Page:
Quantum information science and engineering research has the potential to transform society by developing quantum computers that can complete certain critical tasks faster than classical computers and that provide new applications inaccessible to conventional technologies. For example, a large-scale quantum computer could simulate the properties of energy-harvesting molecules and optimize logistics such as nurse scheduling more quickly and at scales currently unapproachable by supercomputers. However, state-of-the-art quantum devices are too small and lack the features needed to fully realize this promise. Currently, researchers and companies world-wide are pursuing approaches for scaling-up quantum processors using a single-core quantum technology. While there has been progress, the pathway to a useful quantum computer or information network that can outperform classical technologies and provide new use-cases is unknown.
The Hybrid Quantum Architectures and Networks center will tackle this challenge by pursuing an alternative paradigm: distributed quantum processing and networks composed of a hybrid architecture. Nodes consisting of a modest number of quantum bits will be connected by quantum links. This modular approach leverages the strengths of different quantum systems and has the potential to unlock quantum information processing at large scales. New distributed applications enabled by this approach may include unconditionally secure information searching and multi-party computation. The center will support robust education, research coordination, community engagement, and industrial partnership programs that will address the quantum workforce challenge at all levels and promote the quantum technologies ecosystem.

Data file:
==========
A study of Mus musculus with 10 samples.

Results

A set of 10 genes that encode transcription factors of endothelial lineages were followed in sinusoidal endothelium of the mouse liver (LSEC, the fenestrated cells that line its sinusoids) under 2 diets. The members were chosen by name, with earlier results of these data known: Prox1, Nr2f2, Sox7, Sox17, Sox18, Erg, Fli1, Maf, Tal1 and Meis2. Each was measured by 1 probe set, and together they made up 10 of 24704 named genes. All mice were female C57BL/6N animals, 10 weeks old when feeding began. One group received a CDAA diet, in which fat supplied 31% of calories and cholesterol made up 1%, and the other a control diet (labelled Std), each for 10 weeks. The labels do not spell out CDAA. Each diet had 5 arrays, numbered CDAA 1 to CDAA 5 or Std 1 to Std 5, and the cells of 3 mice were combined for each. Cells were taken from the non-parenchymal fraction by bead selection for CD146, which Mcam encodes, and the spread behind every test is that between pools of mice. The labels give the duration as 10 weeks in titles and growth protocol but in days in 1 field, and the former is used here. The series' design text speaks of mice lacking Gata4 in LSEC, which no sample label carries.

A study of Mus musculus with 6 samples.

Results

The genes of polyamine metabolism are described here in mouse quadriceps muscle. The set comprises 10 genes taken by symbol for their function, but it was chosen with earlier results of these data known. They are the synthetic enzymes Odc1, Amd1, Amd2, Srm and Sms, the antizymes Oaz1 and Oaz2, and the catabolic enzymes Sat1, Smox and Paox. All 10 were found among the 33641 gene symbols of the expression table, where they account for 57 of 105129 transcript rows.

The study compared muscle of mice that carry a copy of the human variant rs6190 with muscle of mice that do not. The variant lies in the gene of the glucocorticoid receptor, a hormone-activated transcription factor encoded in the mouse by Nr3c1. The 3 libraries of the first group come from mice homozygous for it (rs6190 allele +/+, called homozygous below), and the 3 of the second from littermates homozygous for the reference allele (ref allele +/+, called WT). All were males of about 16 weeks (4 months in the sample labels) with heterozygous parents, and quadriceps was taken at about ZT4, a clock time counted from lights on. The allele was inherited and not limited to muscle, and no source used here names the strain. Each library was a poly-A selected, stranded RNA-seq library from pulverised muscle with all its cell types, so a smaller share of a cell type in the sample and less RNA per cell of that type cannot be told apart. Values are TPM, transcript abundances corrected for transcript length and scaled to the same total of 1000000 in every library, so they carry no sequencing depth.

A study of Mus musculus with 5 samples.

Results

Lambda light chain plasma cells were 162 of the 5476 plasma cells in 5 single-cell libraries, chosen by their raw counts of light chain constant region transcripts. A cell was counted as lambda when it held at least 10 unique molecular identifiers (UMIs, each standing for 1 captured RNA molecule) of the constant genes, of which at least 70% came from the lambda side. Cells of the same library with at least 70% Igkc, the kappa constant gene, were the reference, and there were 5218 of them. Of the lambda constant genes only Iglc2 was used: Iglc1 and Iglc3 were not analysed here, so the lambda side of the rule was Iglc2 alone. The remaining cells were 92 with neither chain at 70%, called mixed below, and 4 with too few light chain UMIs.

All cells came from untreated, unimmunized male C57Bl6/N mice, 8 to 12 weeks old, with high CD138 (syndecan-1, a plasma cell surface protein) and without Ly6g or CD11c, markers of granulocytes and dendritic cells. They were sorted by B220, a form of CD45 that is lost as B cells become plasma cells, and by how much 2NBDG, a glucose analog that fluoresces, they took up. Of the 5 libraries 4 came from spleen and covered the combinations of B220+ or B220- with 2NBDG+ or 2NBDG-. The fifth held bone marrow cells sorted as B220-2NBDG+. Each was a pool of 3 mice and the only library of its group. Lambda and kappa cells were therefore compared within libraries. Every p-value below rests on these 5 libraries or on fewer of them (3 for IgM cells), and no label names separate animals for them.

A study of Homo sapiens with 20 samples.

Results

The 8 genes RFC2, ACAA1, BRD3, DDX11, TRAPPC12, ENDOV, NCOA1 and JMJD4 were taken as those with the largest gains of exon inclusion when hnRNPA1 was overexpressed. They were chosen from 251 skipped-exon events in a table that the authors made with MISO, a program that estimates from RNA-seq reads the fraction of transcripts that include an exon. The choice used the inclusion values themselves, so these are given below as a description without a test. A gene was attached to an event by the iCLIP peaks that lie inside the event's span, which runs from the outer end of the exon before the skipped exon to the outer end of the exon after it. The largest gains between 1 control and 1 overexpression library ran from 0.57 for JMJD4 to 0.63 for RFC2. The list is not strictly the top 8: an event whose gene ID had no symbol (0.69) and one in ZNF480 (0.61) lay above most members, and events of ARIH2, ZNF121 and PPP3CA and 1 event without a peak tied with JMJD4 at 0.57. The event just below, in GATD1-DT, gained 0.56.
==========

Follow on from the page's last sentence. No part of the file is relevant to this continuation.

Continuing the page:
The center will carry out fundamental science research and engineering to develop a multi-node, full-stack system, ranging from quantum processor design and control to a high-level software application interface. A convergent approach will be pursued by bringing together researchers with expertise from chemistry, computer science, electrical and computer engineering, mathematics, materials science and engineering, molecular engineering, and physics. Three tightly integrated focus research areas will be pursued. The first will center on developing multi-node heterogeneous networks based on proven technologies (atomic ions, neutral atom arrays, and superconducting circuits) with the capacity for distributed processing. This effort will advance hybrid interconnect technologies and deploy multi-node testbeds at each participating institution. The second thrust will develop a distributed computing software stack, multi-node information protocols, and new use-cases that are optimized for these hybrid networks. These protocols, such as private quantum searching and quantum fingerprinting, will leverage the scalability and unconditional network security advantages of a heterogeneous distributed architecture for new applications. The third focus area will encompass creating next-generation protected qubits with enhanced performance and integrating these devices into the center testbeds. All thrusts will employ a co-design approach with collaboration, iteration, and colocation of researchers from different disciplines. The center's technology, research, and software advancements will provide the foundation for a multi-node heterogeneous distributed processor and network with functionalities that surpass a single-platform architecture.
This award reflects NSF's statutory mission and has been deemed worthy of support through evaluation using the Foundation's intellectual merit and broader impacts review criteria.